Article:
How to get cheaper tickets, discounts for state fair

The Oregon State Fair is offering ways to save this year from tickets to carnival rides.

Tickets are currently on sale through Aug. 25 at Wilco Farm Stores, and online, where tickets come with a $2 convenience fee.

Adult tickets are $8, a discount of $4 each. Children above 5 will cost $6 instead of $10 at the gate. Seniors over the age of 65 can get tickets for $1 until Aug. 25 thanks to a partnership with Providence Medicare Advantage. A family of two adults and two children over the age of five would save $36 on tickets by purchasing them in advance.

Families can also take advantage of the family four-pack deal through Aug. 25 which allows admission for a family of four for $25. Tickets can be purchased online.

Carnival wristbands are also on sale through Aug. 25 for $45. Once the fair opens, prices jump to $65. Wristbands earn wearers one day of unlimited rides, three games and a medium drink. Wristband price does not include fair admission; however, it’s still a savings with most rides at the carnival costing fair goers 10-12 tickets each. Without the wristband, 125 tickets are sold for $50 meaning riders can ride about 12 times or play 12 games for $50.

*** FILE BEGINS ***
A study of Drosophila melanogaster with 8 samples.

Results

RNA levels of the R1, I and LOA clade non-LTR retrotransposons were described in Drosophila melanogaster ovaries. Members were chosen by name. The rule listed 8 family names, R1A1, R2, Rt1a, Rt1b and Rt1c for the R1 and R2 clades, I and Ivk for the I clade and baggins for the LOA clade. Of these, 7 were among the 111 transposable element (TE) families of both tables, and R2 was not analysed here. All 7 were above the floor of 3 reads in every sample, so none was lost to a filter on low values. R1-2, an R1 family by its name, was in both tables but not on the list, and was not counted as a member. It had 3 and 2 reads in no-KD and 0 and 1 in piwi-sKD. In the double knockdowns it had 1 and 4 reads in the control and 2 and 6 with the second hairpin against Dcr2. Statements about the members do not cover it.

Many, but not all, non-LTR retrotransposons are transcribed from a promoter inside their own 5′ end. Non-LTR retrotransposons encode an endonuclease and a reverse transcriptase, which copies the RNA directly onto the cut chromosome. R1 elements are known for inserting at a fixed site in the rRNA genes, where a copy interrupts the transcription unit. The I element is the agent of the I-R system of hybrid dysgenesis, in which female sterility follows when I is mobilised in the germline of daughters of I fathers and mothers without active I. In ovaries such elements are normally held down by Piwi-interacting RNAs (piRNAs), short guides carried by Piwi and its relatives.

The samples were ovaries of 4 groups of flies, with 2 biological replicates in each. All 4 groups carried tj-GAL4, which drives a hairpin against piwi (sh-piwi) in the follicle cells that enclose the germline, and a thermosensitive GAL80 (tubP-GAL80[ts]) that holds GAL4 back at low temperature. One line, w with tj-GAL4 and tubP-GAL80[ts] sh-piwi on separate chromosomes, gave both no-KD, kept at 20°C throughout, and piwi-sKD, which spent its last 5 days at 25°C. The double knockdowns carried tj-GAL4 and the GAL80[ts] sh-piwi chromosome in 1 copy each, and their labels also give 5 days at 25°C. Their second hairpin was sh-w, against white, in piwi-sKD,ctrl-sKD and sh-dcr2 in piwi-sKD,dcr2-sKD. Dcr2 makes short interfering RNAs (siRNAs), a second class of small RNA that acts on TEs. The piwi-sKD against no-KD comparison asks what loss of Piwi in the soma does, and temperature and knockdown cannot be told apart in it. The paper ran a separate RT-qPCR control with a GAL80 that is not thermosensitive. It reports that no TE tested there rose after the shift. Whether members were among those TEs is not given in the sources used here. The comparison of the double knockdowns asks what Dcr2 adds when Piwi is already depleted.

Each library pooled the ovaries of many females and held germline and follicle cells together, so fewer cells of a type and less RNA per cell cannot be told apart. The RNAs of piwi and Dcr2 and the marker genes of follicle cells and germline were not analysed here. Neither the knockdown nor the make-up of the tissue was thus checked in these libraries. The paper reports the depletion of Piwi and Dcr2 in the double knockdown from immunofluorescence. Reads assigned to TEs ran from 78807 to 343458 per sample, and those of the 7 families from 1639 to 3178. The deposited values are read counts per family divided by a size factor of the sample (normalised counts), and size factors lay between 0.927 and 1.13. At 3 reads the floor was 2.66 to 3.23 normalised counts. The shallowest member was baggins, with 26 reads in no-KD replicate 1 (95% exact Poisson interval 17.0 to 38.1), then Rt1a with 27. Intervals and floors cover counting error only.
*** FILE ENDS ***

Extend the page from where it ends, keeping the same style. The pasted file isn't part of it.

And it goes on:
The 11-day pass is $44.99 through Aug. 25 and allows one person to attend all 11 days of the fair. The ticket though, is not transferable and ID must be shown meaning a ticket can not be purchased by one person and used by another on a separate day. 

There are also discounts at the gate. Aug. 26 is $5 admission sponsored by Mattress Firm. Aug. 30 is buy one get one admission. Sept. 1 is Kids Day with free admission for kids 11 and under with a free slice of pizza. Sept 5 is Heroes Day making admission free for military, first responders, teachers and their family thanks to Willamette Valley Pie Company. No ID is necessary.

Contact reporter Caitlyn May at [email protected].